Branding? Something About Cattle? by Rich

Have you heard? You should do branding! Everyone needs branding! Branding is great! You’ll get more business with good branding!

And that is True. But what even IS branding? Too many people just use it as a buzz word to try and sell you something they don’t even understand themselves.

So let’s explain what it is, actually, and why it is so valuable.  And also how it is something ANYONE can do.  Not something limited to a select few who have been admitted into the inner circle of Those In the Know.

Knowledge is for Everyone.


Everyone knows about branding cattle, using a hot iron with a distinct mark to identify the owner. As in every Western movie ever made. Necessary, in fact, because out in the Old West, cattle weren’t fenced in. So you needed a clear way to tell who livestock belonged to.

That’s actually where the word and concept of branding come from, originally a word that meant “to burn.”

Truth is, we haven’t strayed too far from the original concept, in the marketing use of the word. It is still an indelible mark on something to tell you who owns it. Like the Nike “swoosh” that tells you who made that athletic shoe.

But the concept has grown to mean a LOT more than that. There are in fact TWO different but related definitions in marketing. We will define, then we will explain.

  1. Its most important sense is, “the identity of an organization, or a division of an organization, or the identity of a product, service, or product or service line.” Example: Motel 6’s brand is, a clean and comfortable room for the lowest price of any national chain.”
  2. The second definition, which includes the original concept of a mark of ownership, but goes beyond it, is “all the things that tell a consumer, that is the brand of that company, product, etc.” Example, the McDonald’s Golden Arches. Let’s explain these further, give you more examples.


Let’s take up the first of these two definitions. It is important to understand when we say “identity” we mean in the eyes of the consumer or potential purchaser of the product. It doesn’t matter a lick what the manufacturer thinks it means.  It doesn’t matter what the Democrat Party thinks the Democrats are. What do the potential voting public think it means to be a Democrat? If you have a winning concept of that identity, and you can get the potential consumers to agree with it, you’ve got a winner.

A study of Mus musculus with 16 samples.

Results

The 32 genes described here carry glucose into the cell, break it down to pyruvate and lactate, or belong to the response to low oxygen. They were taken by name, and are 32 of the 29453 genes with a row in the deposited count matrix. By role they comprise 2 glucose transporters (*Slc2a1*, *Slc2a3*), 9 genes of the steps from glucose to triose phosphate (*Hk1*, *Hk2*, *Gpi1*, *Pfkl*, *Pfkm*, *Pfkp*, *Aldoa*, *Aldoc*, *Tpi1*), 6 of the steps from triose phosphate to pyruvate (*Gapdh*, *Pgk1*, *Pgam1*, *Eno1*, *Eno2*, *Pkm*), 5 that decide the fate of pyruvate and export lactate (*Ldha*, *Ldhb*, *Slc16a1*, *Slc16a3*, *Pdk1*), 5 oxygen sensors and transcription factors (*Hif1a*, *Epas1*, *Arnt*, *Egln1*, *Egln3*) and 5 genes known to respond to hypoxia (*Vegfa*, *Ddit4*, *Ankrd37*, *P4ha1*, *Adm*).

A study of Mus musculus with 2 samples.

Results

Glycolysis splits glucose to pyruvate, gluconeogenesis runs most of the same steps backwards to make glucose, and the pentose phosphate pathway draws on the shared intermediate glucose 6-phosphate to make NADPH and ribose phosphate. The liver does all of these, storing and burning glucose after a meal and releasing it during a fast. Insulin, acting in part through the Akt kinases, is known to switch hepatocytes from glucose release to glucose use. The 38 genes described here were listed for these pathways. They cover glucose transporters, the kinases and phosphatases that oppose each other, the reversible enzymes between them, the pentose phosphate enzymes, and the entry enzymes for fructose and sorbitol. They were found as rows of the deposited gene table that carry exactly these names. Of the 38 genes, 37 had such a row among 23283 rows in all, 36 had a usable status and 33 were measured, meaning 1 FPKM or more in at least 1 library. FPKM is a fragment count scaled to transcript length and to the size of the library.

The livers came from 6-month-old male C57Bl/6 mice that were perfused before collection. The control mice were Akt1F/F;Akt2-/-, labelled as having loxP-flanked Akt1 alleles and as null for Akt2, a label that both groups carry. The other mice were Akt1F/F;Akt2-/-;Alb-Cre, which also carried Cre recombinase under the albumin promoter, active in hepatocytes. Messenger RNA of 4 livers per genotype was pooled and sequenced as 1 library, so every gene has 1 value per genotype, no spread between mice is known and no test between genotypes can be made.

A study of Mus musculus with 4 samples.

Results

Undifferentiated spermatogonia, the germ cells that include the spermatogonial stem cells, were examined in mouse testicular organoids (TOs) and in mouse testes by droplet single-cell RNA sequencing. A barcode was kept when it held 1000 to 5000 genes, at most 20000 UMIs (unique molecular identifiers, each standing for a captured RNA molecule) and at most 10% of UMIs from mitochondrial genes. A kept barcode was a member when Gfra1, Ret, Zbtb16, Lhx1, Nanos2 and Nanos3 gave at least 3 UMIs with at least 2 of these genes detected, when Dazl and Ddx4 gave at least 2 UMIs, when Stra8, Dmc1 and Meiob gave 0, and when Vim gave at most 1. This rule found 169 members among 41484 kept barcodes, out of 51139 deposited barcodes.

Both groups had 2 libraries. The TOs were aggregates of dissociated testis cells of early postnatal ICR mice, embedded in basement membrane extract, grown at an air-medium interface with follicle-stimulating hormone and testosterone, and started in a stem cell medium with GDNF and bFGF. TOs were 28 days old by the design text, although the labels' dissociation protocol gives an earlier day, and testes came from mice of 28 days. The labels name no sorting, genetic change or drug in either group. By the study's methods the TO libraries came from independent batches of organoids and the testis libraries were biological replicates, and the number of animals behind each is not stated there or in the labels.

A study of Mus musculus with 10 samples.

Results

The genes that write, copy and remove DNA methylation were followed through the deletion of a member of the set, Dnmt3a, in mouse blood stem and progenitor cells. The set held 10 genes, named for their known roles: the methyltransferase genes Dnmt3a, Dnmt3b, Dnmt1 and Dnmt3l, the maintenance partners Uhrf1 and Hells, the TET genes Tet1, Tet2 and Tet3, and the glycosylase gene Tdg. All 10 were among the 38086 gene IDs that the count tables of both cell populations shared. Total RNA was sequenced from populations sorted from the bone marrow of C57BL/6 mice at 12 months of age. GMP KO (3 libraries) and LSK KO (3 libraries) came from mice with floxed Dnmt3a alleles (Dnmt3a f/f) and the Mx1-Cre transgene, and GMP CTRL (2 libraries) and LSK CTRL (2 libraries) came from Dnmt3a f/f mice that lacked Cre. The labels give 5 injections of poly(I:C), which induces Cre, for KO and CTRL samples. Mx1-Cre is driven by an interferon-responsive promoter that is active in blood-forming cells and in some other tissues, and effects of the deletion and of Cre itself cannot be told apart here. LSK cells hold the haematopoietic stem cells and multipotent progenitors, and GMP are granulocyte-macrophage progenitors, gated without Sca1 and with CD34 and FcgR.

Why are people willing to spend much more for a Mac computer than a similar Windows product? People know that Mac computers are superior, easier to use, and so on. That’s an identity – what a Mac is, so far as the buying public are concerned.

These concepts have been carefully nurtured by Apple over several decades. They have become the Conventional Wisdom. In short, this is Reality to many people.

So Identity is all the things a name represents in people’s minds. McDonald’s represents inexpensive, tasty breakfasts and hamburgers, delivered fast in a clean restaurant. I know many of you disagree with the idea that McDonald’s burgers are tasty. The point is, probably a billion people world-wide would agree with my statement.


Sometimes brands just happen. Doc Martens weren’t the result of an advertising campaign. Most of the time, a brand identity is the result of a consistent, smart, ongoing campaign. Motel 6 has been using the same promotion for some 50 years. Ringling Bros Circus was “The Greatest Show on Earth” for well over 100 years.

You decide what you want your brand to represent, and then set about getting the world to agree with you, by repeating over and over your message in a way people will agree with you.


Let’s call our second definition “brand communication.”

McDonald’s has a brand. What are the things that communicate to a prospective consumer, that this is the brand we are talking about?

The name of course, The Golden Arches. Ronald McDonald.  Happy Meals. Any of these things will instantly result in recognition by literally billions of people, what they are going to find inside that restaurant.

A logo is a part of the brand. So is a slogan. Many other things can be as well. Most of these are visual. A certain shade of brown on the side of a truck is a vital part of the UPS brand – so much so they’ve managed to trademark that color. Harley Davidson tried to trademark their engine sound. Certainly if you hear a big Harley idling at a stoplight, you know what that is. Unfortunately it apparently failed the U.S. Trademark rules.

There are really only three rules to brand communication:

  1. It must be consistent with the brand identity. Primary colors are not going to work for a nursing home, because primary colors say “kids”.
  2. It must be distinguishable from competitor, or even non-competitor’s brand communications. Can you imagine another package delivery company deciding to communicate their brand with a brown color – just a different shade of brown than UPS? I don’t think so.
  3. You have to repeat it and repeat it and repeat it and use it in EVERYTHING that is seen or heard by your potential buyers (these are called “touch points”). And repeat it. See last week’s newsletter for why. You repeat it until those communication elements mean what you say they mean – your brand identity.

Then, one day, people see your logo and they know it is yours and they know what that means.

You’ve made your marketing job immeasurably easier.